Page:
Inexpensive Auto-Financing for Those With Credit Score Troubles
Over the past few years, many consumers have been rejected for new car loans simply because their credit scores were too low. In addition, those experiencing financial difficulties with debt and unemployment were only able to qualify for interest rates that may have been too high for their monthly budgets.
Subprime borrowers traditionally fall below the 620 mark in the credit score range. Credit scores are calculated by assessing a borrower's past credit history, current credit use, and other financial statistics -- information that appears on the consumer's credit reports.
Lenders generally view individuals in the subprime category as a high risk, and as a result, these consumers tend to pay more for services such as credit cards, mortgages, and insurance policies. Over a lifetime, a low credit score can cost borrowers thousands of dollars in the form of higher interest rates and monthly payments.
During the credit crunch, many subprime borrowers were locked out of the credit system and denied loans, because banks and lenders tried to protect themselves against risks by targeting mainly those with great credit for new offers.
However, a new report from auto industry leader Edmunds.com suggests that the outlook is changing for these consumers, who are now being approved for more loans on new-car purchases.
In addition, the report says these consumers may be able to get the same financing rates available to those with great credit scores, simply by going through dealerships rather than traditional lenders for an auto loan.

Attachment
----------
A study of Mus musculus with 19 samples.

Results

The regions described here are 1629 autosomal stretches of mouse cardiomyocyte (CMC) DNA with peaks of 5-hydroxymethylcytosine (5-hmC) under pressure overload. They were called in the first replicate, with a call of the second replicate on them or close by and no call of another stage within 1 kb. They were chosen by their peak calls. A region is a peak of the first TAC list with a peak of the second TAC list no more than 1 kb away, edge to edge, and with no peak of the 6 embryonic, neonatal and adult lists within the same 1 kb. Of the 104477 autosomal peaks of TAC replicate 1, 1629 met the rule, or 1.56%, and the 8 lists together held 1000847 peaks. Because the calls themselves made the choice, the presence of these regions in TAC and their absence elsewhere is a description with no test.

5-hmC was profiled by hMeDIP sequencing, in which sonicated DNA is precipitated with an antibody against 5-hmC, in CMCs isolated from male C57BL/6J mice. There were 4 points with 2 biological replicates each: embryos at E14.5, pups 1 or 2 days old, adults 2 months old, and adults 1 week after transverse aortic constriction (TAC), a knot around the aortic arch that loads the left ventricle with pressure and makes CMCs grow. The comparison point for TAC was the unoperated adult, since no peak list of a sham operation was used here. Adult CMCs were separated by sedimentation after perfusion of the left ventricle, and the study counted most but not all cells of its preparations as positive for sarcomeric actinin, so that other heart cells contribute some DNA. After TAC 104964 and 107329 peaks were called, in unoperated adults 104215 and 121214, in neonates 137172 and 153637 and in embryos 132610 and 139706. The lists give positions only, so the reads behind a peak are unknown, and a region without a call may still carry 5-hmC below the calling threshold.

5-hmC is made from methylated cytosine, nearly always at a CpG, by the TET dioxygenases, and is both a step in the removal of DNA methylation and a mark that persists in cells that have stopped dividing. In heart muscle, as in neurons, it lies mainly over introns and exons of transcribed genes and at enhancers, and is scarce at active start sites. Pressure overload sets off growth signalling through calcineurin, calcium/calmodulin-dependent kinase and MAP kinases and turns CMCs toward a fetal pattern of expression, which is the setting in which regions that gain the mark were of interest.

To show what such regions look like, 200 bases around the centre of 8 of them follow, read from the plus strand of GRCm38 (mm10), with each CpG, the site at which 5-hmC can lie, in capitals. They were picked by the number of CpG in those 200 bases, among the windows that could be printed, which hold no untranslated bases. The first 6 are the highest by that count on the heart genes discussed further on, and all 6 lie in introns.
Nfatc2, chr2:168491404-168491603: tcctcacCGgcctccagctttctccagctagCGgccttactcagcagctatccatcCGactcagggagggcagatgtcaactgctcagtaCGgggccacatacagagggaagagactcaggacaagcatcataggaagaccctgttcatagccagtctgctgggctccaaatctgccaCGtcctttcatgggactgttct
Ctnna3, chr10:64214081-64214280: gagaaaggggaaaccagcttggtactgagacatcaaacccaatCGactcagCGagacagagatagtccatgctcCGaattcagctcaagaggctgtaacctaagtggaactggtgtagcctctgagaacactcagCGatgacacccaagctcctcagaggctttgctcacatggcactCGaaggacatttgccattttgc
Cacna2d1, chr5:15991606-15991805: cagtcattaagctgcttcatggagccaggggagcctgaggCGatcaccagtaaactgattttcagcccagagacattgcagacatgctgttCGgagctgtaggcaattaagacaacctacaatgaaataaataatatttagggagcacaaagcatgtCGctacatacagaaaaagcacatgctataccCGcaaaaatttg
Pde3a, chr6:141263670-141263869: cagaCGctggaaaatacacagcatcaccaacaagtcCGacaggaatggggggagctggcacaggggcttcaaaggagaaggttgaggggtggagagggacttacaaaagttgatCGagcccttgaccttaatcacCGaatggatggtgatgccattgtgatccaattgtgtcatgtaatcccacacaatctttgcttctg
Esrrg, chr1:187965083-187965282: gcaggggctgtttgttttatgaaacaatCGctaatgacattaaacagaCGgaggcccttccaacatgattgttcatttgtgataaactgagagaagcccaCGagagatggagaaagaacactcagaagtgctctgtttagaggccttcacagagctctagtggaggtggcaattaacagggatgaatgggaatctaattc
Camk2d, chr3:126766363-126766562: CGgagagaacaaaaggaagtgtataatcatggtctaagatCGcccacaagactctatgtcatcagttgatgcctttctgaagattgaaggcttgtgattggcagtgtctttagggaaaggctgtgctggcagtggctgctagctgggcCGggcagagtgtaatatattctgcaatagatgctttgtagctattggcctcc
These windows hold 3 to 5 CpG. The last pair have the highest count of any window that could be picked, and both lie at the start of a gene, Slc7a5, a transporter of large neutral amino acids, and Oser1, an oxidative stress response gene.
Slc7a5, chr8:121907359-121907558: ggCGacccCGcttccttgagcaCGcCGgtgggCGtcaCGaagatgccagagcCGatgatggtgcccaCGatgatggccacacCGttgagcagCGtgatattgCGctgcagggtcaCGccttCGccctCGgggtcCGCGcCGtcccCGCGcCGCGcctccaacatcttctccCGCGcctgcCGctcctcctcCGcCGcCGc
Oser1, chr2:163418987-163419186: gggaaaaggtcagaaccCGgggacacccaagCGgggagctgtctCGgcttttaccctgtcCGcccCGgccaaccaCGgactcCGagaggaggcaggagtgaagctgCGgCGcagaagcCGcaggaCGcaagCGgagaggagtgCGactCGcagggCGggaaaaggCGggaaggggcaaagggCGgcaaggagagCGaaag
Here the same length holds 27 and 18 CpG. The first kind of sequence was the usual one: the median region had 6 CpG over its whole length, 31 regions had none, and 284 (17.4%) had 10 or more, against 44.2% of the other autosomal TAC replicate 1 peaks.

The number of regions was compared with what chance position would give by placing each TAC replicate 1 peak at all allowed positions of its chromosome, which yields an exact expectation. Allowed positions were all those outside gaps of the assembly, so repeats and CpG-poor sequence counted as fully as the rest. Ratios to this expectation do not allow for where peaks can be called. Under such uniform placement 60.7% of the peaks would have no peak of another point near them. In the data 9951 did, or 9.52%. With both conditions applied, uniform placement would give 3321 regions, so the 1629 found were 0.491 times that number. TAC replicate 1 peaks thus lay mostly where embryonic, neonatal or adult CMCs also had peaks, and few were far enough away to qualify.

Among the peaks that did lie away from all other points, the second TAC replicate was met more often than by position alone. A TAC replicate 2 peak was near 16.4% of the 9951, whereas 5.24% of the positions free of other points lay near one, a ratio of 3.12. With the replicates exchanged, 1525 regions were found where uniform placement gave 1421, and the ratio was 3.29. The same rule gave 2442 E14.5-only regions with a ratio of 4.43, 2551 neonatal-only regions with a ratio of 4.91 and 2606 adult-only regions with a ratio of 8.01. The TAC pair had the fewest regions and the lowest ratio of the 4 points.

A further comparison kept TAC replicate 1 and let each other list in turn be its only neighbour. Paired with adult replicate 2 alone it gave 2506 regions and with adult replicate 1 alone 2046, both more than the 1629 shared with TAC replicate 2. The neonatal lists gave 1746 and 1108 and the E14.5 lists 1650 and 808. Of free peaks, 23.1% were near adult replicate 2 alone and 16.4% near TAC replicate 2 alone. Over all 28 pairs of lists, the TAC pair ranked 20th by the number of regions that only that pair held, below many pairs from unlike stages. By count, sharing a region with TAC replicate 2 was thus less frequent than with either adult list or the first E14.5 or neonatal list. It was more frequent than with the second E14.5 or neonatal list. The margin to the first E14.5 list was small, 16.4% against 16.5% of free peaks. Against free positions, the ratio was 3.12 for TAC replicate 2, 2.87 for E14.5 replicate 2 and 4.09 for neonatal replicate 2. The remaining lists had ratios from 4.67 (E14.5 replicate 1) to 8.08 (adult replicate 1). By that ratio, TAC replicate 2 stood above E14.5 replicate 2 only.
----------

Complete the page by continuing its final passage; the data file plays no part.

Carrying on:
"There definitely is a changed marketplace," Melinda Zabritski, director of automotive credit for one of the three major credit bureaus, told the news source. "We're seeing a year-over-year increase in the percentage of loans that are booked in the subprime space."
The average interest rate on a new car loan from a major lender currently hovers around six percent. By comparison, many dealerships are offering an average rate of 4.2 percent and, in many cases, near zero percent in order to persuade frugal shoppers to the marketplace, according to SmartMoney.
Those with good credit are also seeing added benefits. In November 2008, these borrowers could access a 60-month loan from a bank at an APR of 6.54 percent. In contrast, the same loan in December 2010 was made at an average of 4.35 percent, Edmunds reports.
One of the reasons these financing options are currently available is that many consumers have stopped making new-car purchases, given the state of the economy. As a result, those who choose to finance a vehicle are now seeing more payment flexibility than ever.
In part, this change is due to the fact that consumers have changed the way they finance their vehicles. Over the last year, auto loan delinquencies at major lenders have either plateaued or declined as individuals have been more apt to purchase a car in their price range.
To many in the industry, this signaled a shift away from pre-recession sentiment, when many consumers were simply making impulse buys that were often out of their price range.
In recent months, dealership loan programs have also expanded to incorporate a wider variety of brands and models from major automakers, which means these lower rates aren't extended just to older vehicles. In some cases, consumers can get a 2011 Toyota Camry, which retails for about $20,000, at these prices.
As a result, consumers may want to assess their current vehicles and contemplate upgrading to newer models, since these deals may not last long.